Culture Critique: Stream Trolling is a Problem

How musical artists disseminate and create their art has changed greatly over the past century. At first, in the forties and fifties, there was a great emphasis placed on creating and releasing singles non-stop, flooding the market with quickly made, two to three minute pop melodies. Artists like The Beatles, The Beach Boys, Chuck Berry and Elvis made their fortunes with this formula, along with so many others. 

Then, things shifted in the sixties and seventies, when artists created more album-oriented work, where the entire album was considered as a cohesive, artistic unit and not as a vehicle just to sell singles. Artists like The Who, Pink Floyd, David Bowie and Led Zeppelin were at the forefront of this new way of presenting music. Now, album sales were what mattered; not only were they more rewarding for the listener, but they made a whole lot more money too. Why sell a million singles for a dollar when you can sell a million albums for 10 dollars?

Selling music has largely stayed that way ever since, but now, with the advent of the internet and streaming services such as Spotify and Apple Music, we’ve entered a strange age where both of these practices are hybridized into an ethically and artistically toxic mess. Songs are haphazardly stuffed into an album with the hopes of a few songs making enough plays to constitute hundreds of thousands of album sales. Usually, these “stream trolling” albums have around twenty or thirty tracks and are often nearly two hours in length.

Luke Hinz of HotNewHipHop explains this issue at length in his article, “Stream Trolling: The Problem With Excessively Long Tracklists.” “According to the new [Recording Industry Association of America] system, 150 song streams is equal to one paid song download,” Hinz explained. “From there, ten paid song downloads equals one album download. Simply put: 1,500 song streams counts toward one album sale.” Hinz further explored this using Migos as an example, pointing to their various chart topping singles from Culture II (such as “Stir Fry” and “Narcos”) as a way for them to easily go double platinum in album sales.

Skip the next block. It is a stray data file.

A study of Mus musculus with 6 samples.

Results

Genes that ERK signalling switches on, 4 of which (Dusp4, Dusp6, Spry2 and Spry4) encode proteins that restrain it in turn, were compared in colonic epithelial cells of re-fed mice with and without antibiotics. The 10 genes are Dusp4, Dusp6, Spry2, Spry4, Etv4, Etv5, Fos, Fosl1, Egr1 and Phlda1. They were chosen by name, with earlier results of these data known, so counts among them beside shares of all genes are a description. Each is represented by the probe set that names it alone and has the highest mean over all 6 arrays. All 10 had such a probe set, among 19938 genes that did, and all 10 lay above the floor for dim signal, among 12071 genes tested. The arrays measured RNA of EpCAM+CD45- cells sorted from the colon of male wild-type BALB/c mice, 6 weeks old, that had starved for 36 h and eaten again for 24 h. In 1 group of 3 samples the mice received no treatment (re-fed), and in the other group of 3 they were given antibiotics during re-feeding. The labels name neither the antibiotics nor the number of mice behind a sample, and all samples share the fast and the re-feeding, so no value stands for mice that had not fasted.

This practice is as sleazy as it is manipulative. It’s a way for certain artists to find a loophole in the system and receive underserved accolades. If the system was any different, I doubt artists like Drake, Migos and Chris Brown would be experiencing an ounce of the success they have been receiving. Not only that, but I bet their fans (and in Chris Brown’s case, what little fans he has left) don’t know that they are helping them in their seedy success.

My main issue with this is how lazy this practice is. These artists are essentially just throwing their leftovers into a trash bin and feeding it to the masses. It’s an insult to the album as an art form, degrading it as just a way to earn prestige. There are albums out there that are just as long as Drake’s ninety minute Scorpion that are more artistically and musically profound then Drake’s could ever be. Despite that, these deserving albums only receive a fraction of the success and are ignored due to not drumming up enough hype. 

Artists that don’t release albums like this are left in the dust. Kanye West’s Ye was 23 minutes in length and was just seven songs long. It and it’s Wyoming Session siblings were designed to be all killer and no filler. Despite that Ye only sold 156,000 units, while Scorpion went platinum, despite the former being the superior of the two. West’s Ye was a more focused, coherent project than Drake’s bloated and unwieldy Scorpion. The stream friendly formula that Drake used on his most recent record proved to be more financially viable than West’s focused strategy.

Ultimately, this is a huge problem for the music industry. It promotes bad artistry through bloated, boring albums, and these artists manipulate their listeners to get platinum album sales through streaming singles. Hopefully this loophole will be closed soon. Maybe they can introduce a system where one complete stream of an album is the equivalent of the sale of an album? Until then, we’ll just have to endure.